Climate chaos, climate action

IssueJune 2013
Feature by Emily Johns , Milan Rai
The biggest-ever US demonstration against climate change
brought 35,000 activists from 30 states to Washington DC
in February. Photo: / project survival media

The world’s most important CO2 monitoring station recorded short-term CO2 concentrations in the atmosphere above 400 parts per million (ppm), a level not seen for three million years.

Measurements at the Mauna Loa observatory in Hawaii (and elsewhere) show CO2 concentrations are now rising at the rate of 2.75ppm a year, meaning that 450ppm (long regarded as a potential tipping point for the earth’s climate) could be reached within decades.

NASA carbon and water cycle research scientist Dr Erika Podest commented on the news: ‘Climate change is a threat to life on Earth and we can no longer afford to be spectators.’

US climate activist and co-founder Bill McKibben said: ‘The only question now is whether the relentless rise in carbon can be matched by a relentless rise in the activism necessary to stop it.’

Climate activism is increasing in the US, particularly around the Keystone XL pipeline. Bill McKibben wrote in April: ‘The Fossil Fuel Resistance has already won some serious victories [in the US], blocking dozens of new coal plants and closing down existing ones – ask the folks at Little Village Environmental Justice Organization who helped shutter a pair of coal plants in Chicago, or the Asian Pacific Environmental Network, which fought to stop Chevron from expanding its refinery in Richmond, California.’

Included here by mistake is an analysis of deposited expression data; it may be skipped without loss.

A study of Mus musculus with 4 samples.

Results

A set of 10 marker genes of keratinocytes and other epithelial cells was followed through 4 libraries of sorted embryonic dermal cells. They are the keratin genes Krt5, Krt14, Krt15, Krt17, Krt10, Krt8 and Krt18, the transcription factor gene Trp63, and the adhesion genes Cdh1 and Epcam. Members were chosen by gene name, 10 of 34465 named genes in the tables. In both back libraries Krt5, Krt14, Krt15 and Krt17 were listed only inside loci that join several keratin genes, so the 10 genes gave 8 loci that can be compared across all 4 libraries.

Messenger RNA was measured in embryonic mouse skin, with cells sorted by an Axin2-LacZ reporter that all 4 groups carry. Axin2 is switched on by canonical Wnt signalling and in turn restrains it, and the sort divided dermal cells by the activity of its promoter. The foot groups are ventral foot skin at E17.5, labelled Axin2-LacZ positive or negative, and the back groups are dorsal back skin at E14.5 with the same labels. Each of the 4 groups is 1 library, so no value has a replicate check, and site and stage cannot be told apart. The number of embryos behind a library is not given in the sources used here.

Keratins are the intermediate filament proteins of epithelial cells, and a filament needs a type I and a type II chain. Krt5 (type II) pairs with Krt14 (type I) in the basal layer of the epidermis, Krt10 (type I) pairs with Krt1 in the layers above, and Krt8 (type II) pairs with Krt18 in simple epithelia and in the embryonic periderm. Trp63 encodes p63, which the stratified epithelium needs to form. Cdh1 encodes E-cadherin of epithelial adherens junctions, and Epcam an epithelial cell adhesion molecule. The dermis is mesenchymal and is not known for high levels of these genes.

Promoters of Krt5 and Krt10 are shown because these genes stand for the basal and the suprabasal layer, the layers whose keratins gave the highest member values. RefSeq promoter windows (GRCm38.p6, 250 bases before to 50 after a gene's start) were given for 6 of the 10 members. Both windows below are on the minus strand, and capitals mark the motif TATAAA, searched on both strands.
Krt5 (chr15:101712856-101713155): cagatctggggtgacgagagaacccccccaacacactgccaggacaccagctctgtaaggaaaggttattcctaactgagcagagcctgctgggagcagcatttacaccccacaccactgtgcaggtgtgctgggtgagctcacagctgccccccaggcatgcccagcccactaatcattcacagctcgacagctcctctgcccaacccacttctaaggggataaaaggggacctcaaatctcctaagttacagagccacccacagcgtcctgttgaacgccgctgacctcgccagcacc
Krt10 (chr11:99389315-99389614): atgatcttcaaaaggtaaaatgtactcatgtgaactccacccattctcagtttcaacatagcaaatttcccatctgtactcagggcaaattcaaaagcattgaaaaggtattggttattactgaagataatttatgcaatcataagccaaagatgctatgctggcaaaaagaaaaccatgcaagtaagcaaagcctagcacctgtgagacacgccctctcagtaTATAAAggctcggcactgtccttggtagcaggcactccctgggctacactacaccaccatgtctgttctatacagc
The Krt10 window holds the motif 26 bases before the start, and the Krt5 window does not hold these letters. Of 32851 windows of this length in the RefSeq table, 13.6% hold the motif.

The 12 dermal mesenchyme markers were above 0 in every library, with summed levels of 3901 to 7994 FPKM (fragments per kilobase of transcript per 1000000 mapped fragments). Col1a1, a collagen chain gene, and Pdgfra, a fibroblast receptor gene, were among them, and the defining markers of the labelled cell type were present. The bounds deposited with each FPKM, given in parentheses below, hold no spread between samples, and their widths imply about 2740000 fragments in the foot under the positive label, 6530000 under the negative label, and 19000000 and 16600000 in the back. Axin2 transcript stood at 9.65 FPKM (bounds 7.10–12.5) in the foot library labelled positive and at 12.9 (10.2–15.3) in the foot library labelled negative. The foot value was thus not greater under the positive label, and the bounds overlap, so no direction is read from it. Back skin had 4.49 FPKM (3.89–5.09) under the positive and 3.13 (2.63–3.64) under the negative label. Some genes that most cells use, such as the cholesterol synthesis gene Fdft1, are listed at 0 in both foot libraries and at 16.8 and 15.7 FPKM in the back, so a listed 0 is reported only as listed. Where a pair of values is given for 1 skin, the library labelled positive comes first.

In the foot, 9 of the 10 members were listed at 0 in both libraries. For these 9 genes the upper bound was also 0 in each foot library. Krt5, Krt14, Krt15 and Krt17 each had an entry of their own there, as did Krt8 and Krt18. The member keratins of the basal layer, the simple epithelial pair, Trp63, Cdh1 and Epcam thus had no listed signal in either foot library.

In Britain, in mid-May, Camp Frack 2 brought together over 500 campaigners against ‘hydraulic fracturing’, a highly-polluting method of tapping underground gas reservoirs.

Eve McNamara from Ribble Estuary Against Fracking said: ‘Camp Frack 2 was a very successful event for the many residents groups that have formed throughout the UK in response to the use of the environmentally-damaging process known as “fracking” and the current push by the government towards an expensive and unwanted gas-based energy policy.’

A few days later, anti-climate change group Fuel Poverty Action demonstrated at the British Gas AGM. The AGM ended with two pensioners and a wheelchair user taking to the stage and handing Centrica (owners of British Gas) chair, Roger Carr a ‘People’s Invoice’ for the harm done by the company. They then unveiled a banner that said: ‘Gas bills kill’.

On 27-29 May, activists held a camp at Manchester airport protesting against plans to double air freight capacity.

Summer action

On 8 June, Campaign against Climate Change is holding a ‘Confronting the Climate Crisis’ conference in London, bringing together climate scientists, trade unionists and environmental activists at London Metropolitan University.

Anti-climate change campaigners No Dash for Gas are holding a four-day camp and protest in August at the site of their week-long occupation last October (see PN 2552-53).

No Dash for Gas said: ‘It was people power that stopped new coal and stalled plans for a third runway at Heathrow, that made bankers’ greed and tax avoidance toxic and that is now fighting austerity attacks on workers, women, pensioners and the disabled. Together, we will stop the dash for gas.’